Show Girls

26 Nov

The good news is that Burlesque is not the big, hot mess it might appear to be from its trailer and poster. And sure, that’s damning with faint praise, but c’mon … this film just looks like it’s going to be awful — or at the very least, tailor-made for a certain demographic that’s not the one I’m a part of. It’s got Cher as the owner of a burlesque lounge in Los Angeles, and Christina Aguilera as an impressionable-but-smarter-than-she-looks, small-town girl, diamond-in-the-rough performer, whose undeniable talent saves the club when it’s in financial dire straits. And as if that’s not enough, Stanley Tucci plays a gay sidekick (again). But I kinda liked the film anyway.

In her film debut, Aguilera does a decent job. She’s not great, and not awful. She has her moments, but really, it’s all about her singing. Those pipes are hard to deny. The best parts of the movie are, no surprise, whenever she’s on stage performing — probably because they’re like good music videos. The soundtrack features a few songs that burrowed themselves into my brain and are still swimming around (damned ear worms). And there’s eye candy for both genders — the cast also includes Julianne Hough, Kristen Bell, Eric Dane, and Cam Gigandet. Some credit does go to the film’s writer/director, Steve Antin for not asking anyone to do much heavy lifting (other than the singing and dancing, of course), and generally taking his film seriously enough to deliver something that’s sometimes very enjoyable to watch.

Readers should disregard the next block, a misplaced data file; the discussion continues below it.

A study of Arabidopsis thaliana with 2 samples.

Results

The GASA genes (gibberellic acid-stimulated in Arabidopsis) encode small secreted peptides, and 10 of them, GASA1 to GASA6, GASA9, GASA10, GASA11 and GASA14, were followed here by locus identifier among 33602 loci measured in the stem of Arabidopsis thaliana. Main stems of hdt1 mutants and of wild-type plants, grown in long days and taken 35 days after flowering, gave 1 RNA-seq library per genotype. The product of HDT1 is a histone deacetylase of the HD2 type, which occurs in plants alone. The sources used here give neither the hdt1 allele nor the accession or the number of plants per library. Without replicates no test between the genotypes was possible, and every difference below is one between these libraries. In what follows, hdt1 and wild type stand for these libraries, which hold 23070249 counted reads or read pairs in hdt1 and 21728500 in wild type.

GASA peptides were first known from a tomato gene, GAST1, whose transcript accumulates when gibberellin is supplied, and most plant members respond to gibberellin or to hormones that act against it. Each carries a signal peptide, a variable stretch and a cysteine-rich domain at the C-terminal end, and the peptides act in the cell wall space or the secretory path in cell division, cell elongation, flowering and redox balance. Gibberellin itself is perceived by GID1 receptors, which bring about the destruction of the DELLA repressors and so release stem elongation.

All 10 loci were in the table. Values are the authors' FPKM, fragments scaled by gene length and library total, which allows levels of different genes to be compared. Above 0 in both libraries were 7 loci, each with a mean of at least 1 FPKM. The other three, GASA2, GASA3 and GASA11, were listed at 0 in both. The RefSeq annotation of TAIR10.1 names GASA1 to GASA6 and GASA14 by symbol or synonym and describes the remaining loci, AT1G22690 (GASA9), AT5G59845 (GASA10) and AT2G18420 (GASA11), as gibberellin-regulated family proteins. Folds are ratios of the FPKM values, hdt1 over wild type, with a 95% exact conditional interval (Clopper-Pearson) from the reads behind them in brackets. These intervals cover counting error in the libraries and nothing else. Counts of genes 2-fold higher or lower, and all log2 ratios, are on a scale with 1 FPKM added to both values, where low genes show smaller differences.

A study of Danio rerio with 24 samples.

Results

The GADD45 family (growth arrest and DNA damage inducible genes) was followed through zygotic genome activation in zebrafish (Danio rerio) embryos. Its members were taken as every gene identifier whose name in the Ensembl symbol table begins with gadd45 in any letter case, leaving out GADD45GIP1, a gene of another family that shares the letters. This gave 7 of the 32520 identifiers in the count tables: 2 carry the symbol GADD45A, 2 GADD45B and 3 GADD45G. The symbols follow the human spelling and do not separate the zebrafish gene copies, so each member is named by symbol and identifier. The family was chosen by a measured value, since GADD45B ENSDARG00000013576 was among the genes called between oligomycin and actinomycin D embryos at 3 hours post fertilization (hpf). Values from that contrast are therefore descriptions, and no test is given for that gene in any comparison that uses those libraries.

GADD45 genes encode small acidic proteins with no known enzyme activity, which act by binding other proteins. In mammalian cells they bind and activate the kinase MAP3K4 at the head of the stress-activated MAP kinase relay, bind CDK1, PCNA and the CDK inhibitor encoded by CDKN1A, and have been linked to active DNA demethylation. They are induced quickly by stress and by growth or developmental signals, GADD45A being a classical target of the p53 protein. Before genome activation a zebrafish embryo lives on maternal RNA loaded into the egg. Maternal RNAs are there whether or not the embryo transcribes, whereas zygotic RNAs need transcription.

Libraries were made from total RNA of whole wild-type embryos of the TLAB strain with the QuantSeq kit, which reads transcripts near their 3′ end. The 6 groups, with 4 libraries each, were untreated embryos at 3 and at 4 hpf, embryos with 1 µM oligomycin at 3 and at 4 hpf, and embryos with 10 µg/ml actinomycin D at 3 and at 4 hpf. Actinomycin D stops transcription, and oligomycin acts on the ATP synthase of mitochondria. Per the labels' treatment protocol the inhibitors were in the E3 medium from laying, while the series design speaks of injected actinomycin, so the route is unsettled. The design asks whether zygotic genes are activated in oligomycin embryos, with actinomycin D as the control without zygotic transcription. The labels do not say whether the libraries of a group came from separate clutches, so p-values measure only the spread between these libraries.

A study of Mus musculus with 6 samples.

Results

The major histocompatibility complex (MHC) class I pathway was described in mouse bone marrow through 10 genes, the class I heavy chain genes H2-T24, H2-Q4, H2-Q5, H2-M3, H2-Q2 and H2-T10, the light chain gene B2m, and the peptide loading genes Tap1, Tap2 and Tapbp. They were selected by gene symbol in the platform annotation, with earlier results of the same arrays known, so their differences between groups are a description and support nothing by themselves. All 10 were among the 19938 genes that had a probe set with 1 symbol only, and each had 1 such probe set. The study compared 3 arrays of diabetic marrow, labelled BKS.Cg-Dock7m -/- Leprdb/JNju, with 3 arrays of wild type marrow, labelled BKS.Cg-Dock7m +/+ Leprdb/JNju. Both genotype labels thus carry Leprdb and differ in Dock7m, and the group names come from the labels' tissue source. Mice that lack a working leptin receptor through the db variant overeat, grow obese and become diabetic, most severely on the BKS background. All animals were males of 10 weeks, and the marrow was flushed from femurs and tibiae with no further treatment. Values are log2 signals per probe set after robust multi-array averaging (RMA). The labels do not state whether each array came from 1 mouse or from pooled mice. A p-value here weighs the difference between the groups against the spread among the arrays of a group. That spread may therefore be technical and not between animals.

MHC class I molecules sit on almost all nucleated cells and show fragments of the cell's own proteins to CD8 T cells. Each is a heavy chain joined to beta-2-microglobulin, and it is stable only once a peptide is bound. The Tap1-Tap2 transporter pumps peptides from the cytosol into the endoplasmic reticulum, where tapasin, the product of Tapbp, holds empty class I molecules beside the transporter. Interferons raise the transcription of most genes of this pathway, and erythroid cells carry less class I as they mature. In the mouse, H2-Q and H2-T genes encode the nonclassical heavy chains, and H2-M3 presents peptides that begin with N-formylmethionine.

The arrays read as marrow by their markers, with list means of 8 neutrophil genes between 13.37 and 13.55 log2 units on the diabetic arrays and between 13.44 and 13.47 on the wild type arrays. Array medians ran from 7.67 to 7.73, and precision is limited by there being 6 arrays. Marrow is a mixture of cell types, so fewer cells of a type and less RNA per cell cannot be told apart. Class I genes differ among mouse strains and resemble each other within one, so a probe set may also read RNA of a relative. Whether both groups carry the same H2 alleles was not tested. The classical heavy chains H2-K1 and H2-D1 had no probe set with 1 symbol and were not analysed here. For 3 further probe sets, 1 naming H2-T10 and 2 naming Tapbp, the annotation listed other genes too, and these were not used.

That said, part of me kind of wishes Burlesque actually was the hot mess it promised to be. That might have made it a more fun way to spend my time. Sometimes it comes close — some of the dialogue is groan-worthy, Aguilera’s character inhabits so many screen cliches in the first 15 minutes, and Cher’s big number late in the film is a great time to take a bathroom break. The plot itself strains credibility more often than it doesn’t. And I wish there was less handheld cinematography; at times, the film was harder to watch than Cloverfield was.

But in taking itself seriously and not going over the top, Burlesque ends up being a mixed bag: It’s not the kind of film that’s going to win Oscars, but it’s not a prime target for Razzies, either. It’s odd wanting a movie to be worse than it is, but that’s because Burlesque caught me a bit off-guard. I liked it enough to rate it a B–.